Interview with Celia Pool, founder of DAME, as part of our weekly Sextech Salon, on organic tampons & the world’s first reusable tampon applicator.
What is DAME and how did you get into it?
I co-founded DAME, and we’ve just launched the world’s first reusable tampon applicator, called D. We’re selling D alongside our organic cotton tampons which are biodegradable, and don’t contain any harmful chemicals.
Our previous business used to sell period products on subscription to women around the UK. The more products we sold, the more our eyes were opened to this enormous waste coming from these small everyday items.
We were selling reusable alternatives (cups and cloth pads) on our site but no one was really buying them. So we investigated more and discovered that the habit change was one of the biggest barriers to women switching.
Millions of women use tampons, so we wanted to offer them an alternative that already fitted in with their current preference. Choice is the key.
We launched D on the crowdfunding site Kickstarter in March this year and the global response was overwhelming. We ended up trending on Twitter and selling in over 50 countries around the world.
What did you want to be when you were younger?
Never in a million years did I think I would be a tampon distributor!
I recently found myself standing next to a tampon-making machine, wearing a hairnet and wondering how on earth I got there… but also really loving it. I always knew I wanted to do something female-centric.
The taboo nature of menstruation when I was growing up, and the harmful messages that still surrounds it massively drew me in, particularly as it is an area I feel I can help to make a valuable change.
What are the key trends you’re seeing at the moment that influence your work?
The rise in reusables is amazing. From coffee cups, to water bottles, to shopping bags, we’re all finding ways to dramatically reduce our single-use plastic intake which is encouraging.
There is a lot more to be done though, and this is where we feel businesses come in. They can help consumers not have to make the choice between the products they are already happy using and the environment.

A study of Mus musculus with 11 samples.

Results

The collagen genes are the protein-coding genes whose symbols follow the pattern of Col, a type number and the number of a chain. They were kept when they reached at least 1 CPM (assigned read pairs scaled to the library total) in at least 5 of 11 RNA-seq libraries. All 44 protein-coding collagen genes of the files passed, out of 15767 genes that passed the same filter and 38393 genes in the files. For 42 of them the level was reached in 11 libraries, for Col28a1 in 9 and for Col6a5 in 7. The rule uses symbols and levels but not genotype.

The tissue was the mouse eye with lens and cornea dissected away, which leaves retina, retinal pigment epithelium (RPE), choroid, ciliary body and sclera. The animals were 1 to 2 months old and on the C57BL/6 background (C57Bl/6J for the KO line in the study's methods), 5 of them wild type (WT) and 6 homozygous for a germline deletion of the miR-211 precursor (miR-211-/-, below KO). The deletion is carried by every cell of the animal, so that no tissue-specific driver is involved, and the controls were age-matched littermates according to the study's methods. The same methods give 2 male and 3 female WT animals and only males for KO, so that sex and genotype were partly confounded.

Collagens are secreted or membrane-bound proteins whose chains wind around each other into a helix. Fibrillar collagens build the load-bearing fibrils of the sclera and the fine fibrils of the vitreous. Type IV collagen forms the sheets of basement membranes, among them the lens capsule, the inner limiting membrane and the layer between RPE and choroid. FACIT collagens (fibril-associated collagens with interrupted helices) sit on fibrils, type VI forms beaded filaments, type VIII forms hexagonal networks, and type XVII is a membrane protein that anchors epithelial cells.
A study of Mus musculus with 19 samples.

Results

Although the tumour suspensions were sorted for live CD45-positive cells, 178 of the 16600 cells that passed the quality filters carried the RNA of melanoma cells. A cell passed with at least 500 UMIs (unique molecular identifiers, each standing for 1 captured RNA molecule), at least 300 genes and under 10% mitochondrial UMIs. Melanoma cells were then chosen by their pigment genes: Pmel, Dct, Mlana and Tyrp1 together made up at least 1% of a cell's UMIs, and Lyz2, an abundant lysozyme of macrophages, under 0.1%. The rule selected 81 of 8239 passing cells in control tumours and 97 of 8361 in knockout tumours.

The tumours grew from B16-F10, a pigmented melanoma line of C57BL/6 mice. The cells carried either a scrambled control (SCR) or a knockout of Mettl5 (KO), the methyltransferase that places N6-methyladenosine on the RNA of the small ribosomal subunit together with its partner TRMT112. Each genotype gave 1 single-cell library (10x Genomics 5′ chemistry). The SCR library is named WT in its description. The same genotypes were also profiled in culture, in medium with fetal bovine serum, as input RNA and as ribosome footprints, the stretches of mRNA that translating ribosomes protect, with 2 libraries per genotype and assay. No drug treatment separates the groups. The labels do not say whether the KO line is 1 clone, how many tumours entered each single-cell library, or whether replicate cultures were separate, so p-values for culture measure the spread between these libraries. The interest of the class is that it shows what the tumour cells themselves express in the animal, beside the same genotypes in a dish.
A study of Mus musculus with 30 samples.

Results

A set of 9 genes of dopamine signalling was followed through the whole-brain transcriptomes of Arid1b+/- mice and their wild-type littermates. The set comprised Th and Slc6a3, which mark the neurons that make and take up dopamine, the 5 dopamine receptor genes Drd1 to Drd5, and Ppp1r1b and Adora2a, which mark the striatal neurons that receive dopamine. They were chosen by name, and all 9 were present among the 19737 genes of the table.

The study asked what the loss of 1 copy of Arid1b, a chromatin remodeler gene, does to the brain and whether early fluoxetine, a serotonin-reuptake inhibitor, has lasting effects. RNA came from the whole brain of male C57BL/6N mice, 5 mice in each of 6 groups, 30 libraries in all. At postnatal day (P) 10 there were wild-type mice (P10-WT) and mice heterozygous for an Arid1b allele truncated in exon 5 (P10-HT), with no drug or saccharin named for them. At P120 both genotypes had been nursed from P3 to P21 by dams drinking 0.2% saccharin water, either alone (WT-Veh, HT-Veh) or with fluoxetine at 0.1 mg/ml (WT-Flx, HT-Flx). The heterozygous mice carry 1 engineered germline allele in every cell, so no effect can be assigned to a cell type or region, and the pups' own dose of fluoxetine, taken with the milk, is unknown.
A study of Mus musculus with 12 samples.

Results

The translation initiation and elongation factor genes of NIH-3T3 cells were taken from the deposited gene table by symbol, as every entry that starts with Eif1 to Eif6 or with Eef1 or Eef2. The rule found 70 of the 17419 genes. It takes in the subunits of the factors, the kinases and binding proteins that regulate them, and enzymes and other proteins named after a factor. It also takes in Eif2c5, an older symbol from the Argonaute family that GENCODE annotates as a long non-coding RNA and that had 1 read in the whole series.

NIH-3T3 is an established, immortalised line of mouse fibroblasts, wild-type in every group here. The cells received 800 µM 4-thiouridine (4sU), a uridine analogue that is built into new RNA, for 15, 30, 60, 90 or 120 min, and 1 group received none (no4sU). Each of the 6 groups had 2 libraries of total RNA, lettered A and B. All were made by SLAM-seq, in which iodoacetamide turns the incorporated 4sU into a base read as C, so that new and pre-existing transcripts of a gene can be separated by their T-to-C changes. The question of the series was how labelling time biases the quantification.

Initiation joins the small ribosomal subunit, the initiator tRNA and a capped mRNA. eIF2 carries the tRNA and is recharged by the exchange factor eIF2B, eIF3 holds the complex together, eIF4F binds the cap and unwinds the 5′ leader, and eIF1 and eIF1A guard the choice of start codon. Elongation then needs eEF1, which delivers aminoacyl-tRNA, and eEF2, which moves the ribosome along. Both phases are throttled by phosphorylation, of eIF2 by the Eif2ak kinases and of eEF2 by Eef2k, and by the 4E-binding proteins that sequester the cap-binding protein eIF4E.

It’s challenging but incredibly exciting to see what can be done. We cannot wait any longer for change. It needs to happen now.
What is your vision for the future of DAME?
To get as many people as possible to switch across to reusables. It doesn’t have to be our products – cups, cloth pads are all brilliant too – but some people can’t or won’t use them so we want to be there to offer another choice.
We won’t just stop there. We want to continue to innovate and help women use products that are beautiful, effective and environmentally friendly.
What’s the biggest surprise you’ve had since starting to work in period technology?
How open and excited people are for change. There has been relatively low innovation in this sector for decades as the industry giants have held a monopoly. It’s been a great monopoly for them as they knew everyone would come back, month after month, like clockwork.
However now there are great new companies emerging, and new products like ours that put the consumer’s body and planet first; and people are incredibly receptive to it.
When we launched D on Kickstarter it blew up beyond our wildest expectations. We have been featured in top international publications, getting viral videos with millions of views, and we ended up over-funding by nearly 300%.
How do you think the industry has changed in the past 5 years?
In the world of menstruation, a voice is finally being found. We’ve recently had spotlights shining on the tampon tax and period poverty. We’ve had someone run the London marathon free-bleeding, and outrage when Instagram censored a woman’s period photo.
This all creates incredible discussion around this subject matter which wasn’t happening before. It allows people to become more aware of their bodies and question what they are putting inside them and why they are doing it.
When it comes to periods, what’s the one thing you wish everyone knew?
That menstruation is totally normal. There are horrendous reports of young teenage girls in Nepal being banished from the house every month and forced to sleep in exposed huts when they have their period. That’s just not okay.
Even in the UK, we hide tampons up our sleeves and are sold marketing messages using shameful language like “discreet protection”. Getting your period is a normal part of life, and the more this is taught to both young girls and boys growing up, the better.
What are you currently working on that you are willing to share?
We’re now in the production stage and will get our first batch of D’s in the autumn which is incredibly exciting. These will be sent out to all the wonderful people who backed our crowdfunding campaign, and to whom we’re massively grateful for their support.
Everything about our packaging is designed to reduce waste. D comes in a beautiful reusable tin which can sit on your bathroom shelf and be used to store your organic tampons in. Our organic tampons, which can be bought on subscription through our website, come in compostable packs. We’re putting the final touches on these ready for launch.
We’re also in talks with some exciting retailers about stocking our products nationwide which is mind-blowing as we would love reusable options to be a mainstream choice. There’s a lot going on but it’s all heading in the right direction.